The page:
Carolyn McMaster | November 19, 2015
Alaskans eat six times more seafood than the average American—it’s breakfast, lunch and dinner. Eight million tons of plastic enter our waterways every year. In New England alone, 12,000 tons of edible fish go to waste each year. Fish like to eat maggots. Venture capital is like rocket fuel—if you put it in a rocket, it flies; if you put in a Volvo, you have no more Volvo.
Those are just a few of the things we learned last week at the Fish 2.0 Business Competition Finals & Sustainable Seafood Innovation Forum. It was a terrific event that could end up having a real impact on making seafood more sustainable (and I say that not just because Fish 2.0 is our client).
We met all kinds of people involved in solving the seafood sector’s problems. But best of all, we got to hear pitches from the 37 sustainable seafood entrepreneurs whose ventures made it into the finals. It’s not often we get to see so many businesses telling their stories, live, to a packed house of investors, philanthropists, industry executives and journalists (in fact, it was a first). Investor-judges scored the finalists and chose six winners (two in each of three business-stage categories); the runners-up winners were selected by audience vote.
The pitches were as varied as the businesses themselves. One thing the winners had in common: a memorable story supporting their potential business growth and impact. The stories were often personal and, in time-honored tradition, related a challenge, how the business is meeting the challenge and a vision of the future.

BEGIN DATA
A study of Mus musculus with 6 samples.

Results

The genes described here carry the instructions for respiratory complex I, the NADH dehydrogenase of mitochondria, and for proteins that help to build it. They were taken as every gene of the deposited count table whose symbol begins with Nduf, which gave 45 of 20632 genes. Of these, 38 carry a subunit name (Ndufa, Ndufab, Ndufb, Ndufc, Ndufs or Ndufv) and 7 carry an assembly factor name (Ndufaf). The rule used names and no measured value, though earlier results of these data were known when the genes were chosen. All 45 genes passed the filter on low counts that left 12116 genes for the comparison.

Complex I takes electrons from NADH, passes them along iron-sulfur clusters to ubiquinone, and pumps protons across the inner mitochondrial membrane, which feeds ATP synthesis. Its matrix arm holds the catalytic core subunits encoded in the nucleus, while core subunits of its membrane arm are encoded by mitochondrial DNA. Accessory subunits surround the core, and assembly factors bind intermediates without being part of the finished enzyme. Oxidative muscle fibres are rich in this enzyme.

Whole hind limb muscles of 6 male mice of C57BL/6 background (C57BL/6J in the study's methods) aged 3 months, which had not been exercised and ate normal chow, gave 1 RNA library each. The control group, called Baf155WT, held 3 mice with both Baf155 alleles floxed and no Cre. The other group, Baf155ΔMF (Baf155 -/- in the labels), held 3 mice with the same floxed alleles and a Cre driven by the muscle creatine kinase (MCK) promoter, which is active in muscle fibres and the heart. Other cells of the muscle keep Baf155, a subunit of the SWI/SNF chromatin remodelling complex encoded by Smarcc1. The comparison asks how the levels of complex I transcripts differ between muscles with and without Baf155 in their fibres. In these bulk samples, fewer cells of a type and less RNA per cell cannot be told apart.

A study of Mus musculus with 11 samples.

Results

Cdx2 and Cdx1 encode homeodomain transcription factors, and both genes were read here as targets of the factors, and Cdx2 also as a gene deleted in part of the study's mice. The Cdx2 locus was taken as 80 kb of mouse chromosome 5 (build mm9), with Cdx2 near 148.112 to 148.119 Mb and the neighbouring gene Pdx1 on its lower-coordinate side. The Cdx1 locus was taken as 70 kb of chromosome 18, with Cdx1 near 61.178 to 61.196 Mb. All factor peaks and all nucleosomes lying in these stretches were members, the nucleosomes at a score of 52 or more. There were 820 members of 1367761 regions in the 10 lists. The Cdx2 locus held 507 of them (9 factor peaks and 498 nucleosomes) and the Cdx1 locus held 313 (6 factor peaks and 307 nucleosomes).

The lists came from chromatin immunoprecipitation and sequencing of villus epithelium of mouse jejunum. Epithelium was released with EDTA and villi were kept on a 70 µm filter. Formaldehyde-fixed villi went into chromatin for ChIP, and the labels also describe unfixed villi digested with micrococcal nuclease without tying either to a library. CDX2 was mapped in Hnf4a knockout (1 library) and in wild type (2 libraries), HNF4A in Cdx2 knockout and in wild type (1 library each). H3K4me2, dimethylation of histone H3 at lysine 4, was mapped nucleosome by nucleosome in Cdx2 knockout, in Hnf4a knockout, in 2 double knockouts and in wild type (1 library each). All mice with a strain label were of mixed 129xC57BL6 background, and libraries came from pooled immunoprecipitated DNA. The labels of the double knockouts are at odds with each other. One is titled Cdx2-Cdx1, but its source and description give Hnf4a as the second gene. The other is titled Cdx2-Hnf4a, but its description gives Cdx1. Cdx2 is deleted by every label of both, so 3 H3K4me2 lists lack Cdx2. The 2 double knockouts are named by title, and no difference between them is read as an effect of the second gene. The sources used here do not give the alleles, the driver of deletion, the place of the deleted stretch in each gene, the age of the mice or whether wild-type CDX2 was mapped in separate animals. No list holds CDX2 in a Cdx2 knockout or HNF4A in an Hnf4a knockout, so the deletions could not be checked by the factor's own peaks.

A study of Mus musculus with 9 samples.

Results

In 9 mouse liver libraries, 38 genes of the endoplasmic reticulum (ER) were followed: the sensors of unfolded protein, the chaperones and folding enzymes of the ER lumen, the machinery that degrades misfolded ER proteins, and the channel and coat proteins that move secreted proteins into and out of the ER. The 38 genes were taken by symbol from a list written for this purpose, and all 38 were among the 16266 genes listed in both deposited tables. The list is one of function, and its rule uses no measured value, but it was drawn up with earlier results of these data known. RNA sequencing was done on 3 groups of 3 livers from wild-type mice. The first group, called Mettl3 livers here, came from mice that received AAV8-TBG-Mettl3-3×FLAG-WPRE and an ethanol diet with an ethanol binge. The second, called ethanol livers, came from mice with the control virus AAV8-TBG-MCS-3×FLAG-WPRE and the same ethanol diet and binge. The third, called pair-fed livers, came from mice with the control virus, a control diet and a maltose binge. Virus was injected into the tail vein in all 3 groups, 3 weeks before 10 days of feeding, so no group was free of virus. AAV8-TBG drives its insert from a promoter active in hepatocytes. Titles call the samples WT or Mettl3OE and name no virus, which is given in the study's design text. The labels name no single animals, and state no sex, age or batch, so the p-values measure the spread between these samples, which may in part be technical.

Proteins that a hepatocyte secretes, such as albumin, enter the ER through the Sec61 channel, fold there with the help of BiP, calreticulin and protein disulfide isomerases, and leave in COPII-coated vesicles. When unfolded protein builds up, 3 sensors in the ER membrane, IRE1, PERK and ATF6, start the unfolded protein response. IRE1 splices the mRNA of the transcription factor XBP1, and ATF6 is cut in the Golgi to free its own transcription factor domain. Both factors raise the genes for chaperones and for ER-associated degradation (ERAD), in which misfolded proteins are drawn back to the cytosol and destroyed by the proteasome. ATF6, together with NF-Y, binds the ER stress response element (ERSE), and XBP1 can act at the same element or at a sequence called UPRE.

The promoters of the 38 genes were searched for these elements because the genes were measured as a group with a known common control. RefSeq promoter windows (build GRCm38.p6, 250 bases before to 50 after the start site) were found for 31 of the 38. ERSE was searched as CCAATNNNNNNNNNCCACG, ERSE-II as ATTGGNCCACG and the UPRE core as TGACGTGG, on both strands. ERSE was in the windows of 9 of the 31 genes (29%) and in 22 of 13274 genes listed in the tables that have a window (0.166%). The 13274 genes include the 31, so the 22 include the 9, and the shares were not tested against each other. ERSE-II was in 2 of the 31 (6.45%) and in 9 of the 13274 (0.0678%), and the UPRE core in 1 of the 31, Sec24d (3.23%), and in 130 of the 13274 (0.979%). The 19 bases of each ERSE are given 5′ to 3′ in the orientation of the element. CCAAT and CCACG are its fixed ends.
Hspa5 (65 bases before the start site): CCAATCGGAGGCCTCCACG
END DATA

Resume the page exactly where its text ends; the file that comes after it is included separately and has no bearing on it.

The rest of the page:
Alfred Kalontas, whose Alfa Fishing sea-to-table tuna business is based in Vanuatu, spoke modestly but with great conviction about how his business is helping his community. Being onstage was a foreign experience for Kalontas, and his English was not fluent, but he created a vivid picture.
Kelly Harrell of Alaska Community Seafood Hub talked about knowing that Alaskans were hungry for fish with a story—and that they would buy enough of it to fill up the chest freezer everyone there has on hand. She convinced the judges that she knows her market and is well positioned to expand the impact of the community-supported fishery and wholesale business.
Similarly, Mather Carscallen talked about how geeky obsessions combining math and biology led to the eureka moment that revealed his RiverBox technology for growing algae for fish feed from aquaculture waste streams.
David Stover talked about ditching a Big 4 consulting career to start Bureo, a social enterprise that’s keeping plastic waste out of out oceans by collecting used fishing nets and upcycling them into cool products—skateboards and sunglasses.
For Norah Eddy, co-founder of a prepackaged sustainable seafood startup, story is everything. Through a branded product that tells a story by tracing the fish back to its source, she hopes to eliminate consumer confusion about what is safe and healthful, as well as how to cook fish. Eddy’s company name, Salty Girl Seafood, is a story in itself.
The runners-up, to my mind, had a tougher time. Instead of 5 minutes to pitch they had only 90 seconds to sell their ideas. The four winners (one in each business-stage category, with one tie) were able to tell memorable stories that short span: Love the Wild, Pelagic Data Systems, GrowUp Urban Farms and Geomar.
I’m looking forward to seeing how all these stories unfold as the businesses grow.